I'm using multiple network interfaces (LAN and Wireless), and I've noticed that there's a way to change the order of prefered interfaces. How can I use the wired network to do work, check email, and so on (securely), and use the wireless VLAN to access other stuff (otherwise blocked by ports and sometimes websense)?
The trick is adjusting the routing tables (which doesn't depend on destination port or source app, but does depend on the destination host). This assumes that you're on Linux or OS X (as the tags show).
Say your default gateway is 18.104.22.168 and you have a vpn which can route traffic on 22.214.171.124. If you want your mail traffic to route over 126.96.36.199, just do
sudo route add mail.myserver.com 188.8.131.52
Some versions of route might require a "gw" keyword between the address and next hop. If you want to make a whole net route over that next hop, just add a netmask in CIDR notation for the destination, like
sudo route add 192.168.0.0/24 184.108.40.206
If you want to view the existing routing table, use
netstat -nrl or ip route list
If you're on Windows, "net route" will get you most of the way there, but the syntax is totally different.
If you just want to have two NICs active at the same time, you can set the Service Order in System Preferences/Network by choosing the gear below the list of network devices. Drag and drop the order you want them in.
For example, I have Ether and WiFi always active on my MBP with Ether set above Wi-Fi. Since I use Ether at work, I set up that NIC with proxy settings and my Wi-Fi without. When I go home, there is no need to adjust any settings. You can also do this from terminal using
But for having both active and an app use the non-default, I've had luck with a slightly easier spin on @Andor's advice. If I want an app to not use Ether in my case, I set the proxy settings for the app to the IP address of my wi-fi adapter. It will use that interface to get out and that way bypass the company proxy and monitoring servers. So if Ether has an address of 220.127.116.11 and comes before Wi-Fi (18.104.22.168) in the service order, I have my app proxy to 22.214.171.124.
For Mac, there is a simple solution which I use. It's actually an implementation of @Andor's solution. Install a proxy and configure your apps to use it:
I installed SquidMan
In configuration add the following line. You need to specify the ip you will use for your private apps instead of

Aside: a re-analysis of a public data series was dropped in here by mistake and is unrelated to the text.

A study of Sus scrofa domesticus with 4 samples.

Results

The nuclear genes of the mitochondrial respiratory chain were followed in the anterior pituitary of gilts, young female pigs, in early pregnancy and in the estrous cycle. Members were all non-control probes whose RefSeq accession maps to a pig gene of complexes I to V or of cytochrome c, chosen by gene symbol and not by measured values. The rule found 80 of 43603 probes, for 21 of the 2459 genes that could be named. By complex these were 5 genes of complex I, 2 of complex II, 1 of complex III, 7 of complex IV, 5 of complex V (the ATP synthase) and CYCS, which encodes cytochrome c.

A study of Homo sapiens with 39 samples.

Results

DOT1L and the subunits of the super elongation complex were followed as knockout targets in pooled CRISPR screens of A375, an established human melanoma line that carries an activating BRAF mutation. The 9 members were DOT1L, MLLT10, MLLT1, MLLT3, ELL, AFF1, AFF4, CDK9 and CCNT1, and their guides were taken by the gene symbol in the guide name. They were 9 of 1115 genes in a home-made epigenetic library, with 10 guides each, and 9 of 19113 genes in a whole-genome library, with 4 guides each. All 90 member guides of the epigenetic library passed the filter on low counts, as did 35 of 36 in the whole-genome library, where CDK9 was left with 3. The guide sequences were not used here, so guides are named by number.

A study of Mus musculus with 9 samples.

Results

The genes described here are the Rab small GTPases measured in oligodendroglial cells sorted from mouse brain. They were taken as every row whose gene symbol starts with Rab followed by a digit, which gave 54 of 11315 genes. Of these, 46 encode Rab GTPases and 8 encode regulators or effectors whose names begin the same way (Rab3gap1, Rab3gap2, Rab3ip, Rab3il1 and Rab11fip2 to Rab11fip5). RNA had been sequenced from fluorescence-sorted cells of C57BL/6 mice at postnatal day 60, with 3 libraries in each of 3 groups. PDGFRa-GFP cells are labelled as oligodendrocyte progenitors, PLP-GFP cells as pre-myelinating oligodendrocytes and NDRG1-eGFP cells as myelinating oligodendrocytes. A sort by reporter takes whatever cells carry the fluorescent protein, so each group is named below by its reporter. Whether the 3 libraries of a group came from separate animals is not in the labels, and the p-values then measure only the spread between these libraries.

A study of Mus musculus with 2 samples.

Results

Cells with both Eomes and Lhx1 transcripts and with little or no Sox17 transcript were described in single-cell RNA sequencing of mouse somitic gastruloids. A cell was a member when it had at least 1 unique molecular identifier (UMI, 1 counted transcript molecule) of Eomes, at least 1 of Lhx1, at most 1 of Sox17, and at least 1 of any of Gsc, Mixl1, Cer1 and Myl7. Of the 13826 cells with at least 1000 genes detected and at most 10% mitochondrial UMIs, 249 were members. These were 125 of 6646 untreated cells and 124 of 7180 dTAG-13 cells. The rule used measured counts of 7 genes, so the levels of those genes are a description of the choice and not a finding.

Start SquidMan and configure your app to use it as a proxy.
I spent an hour to find this information in different pages, so I hope it helps others to do it faster.
Problem is that you're going to have multiple gateways to your network connection, and that's a bit difficult to manage...
Some server or network related unix and linux tools usually have a flag called "interface", where you can tell which interface you wanna use, like in tcpdump, for example:
tcpdump -i eth0
But as I think you are asking about routing standard desktop software, that gets a bit more difficult...
I can tell you a trick for that anyway... My usual fix for dealing with that problems is using a proxy and only having one gateway. Almost any software that uses Internet this days has options for configuring a proxy, so you can do it on any of this ways:
1.- Setting up a proxy on the "unsecured" (an I mean, where the policies are not enforced) part of your network, and pointing your software to that proxy.
2.- Setting a SSH server on another "unsecured" place, say, your home, or a dedicated server you have on the internet, and opening a connection through a special feature that SSH has that creates a socks proxy server:
ssh -D 1234 user@host
That would create on your computer a socks proxy server on port "1234", that would connect to your "host", using your "user", and go to the Internet through the connection that your "host" has... Then, on your local software, you only need to open the proxy configuration tools, and point to localhost:1234.
Nice tricks for avoiding corporate internet policies :P
You will probably need to use the low-level IO control functions (ioctl). In particular:
ioctl( socket, SIOCGIFADDR, ... ); // Get network interface address
ioctl( socket, SIOCSIFADDR, ... ); // Set network interface address
See this man page for more details.
I run my business applications inside a virtual machine. I used the instructions above to set WiFi as my preferred connection, then configured the virtual machine to use the ethernet port as a "Bridged" adapter.
Anything running inside the virtual machine now is hard-linked to the ethernet port. WiFi is my preferred connection for all other applications (outside the virtual machine), as long as I have a WiFi connection attached.
I believe there exist utilities that can be used to force the binding of an application to a particular ethernet port, but have not researched it for MacOS.
The routing method previously mentioned is somewhat complex for the "lay person", but seems like a good viable approach as well, especially if you repeatedly get the same IP address on your connections.
Even though this question is for OSX, I'll leave the following here which works on Windows 7 64-bit. This question came up as one of the top results when googling for force applications to go through a specific adapter, so the following might be useful to others.
The above guide uses a utility called ForceBindIp which is advertised to work on
Windows NT/2000/XP/2003 but I had no issues getting it to work on Windows 7 - 64 Bit.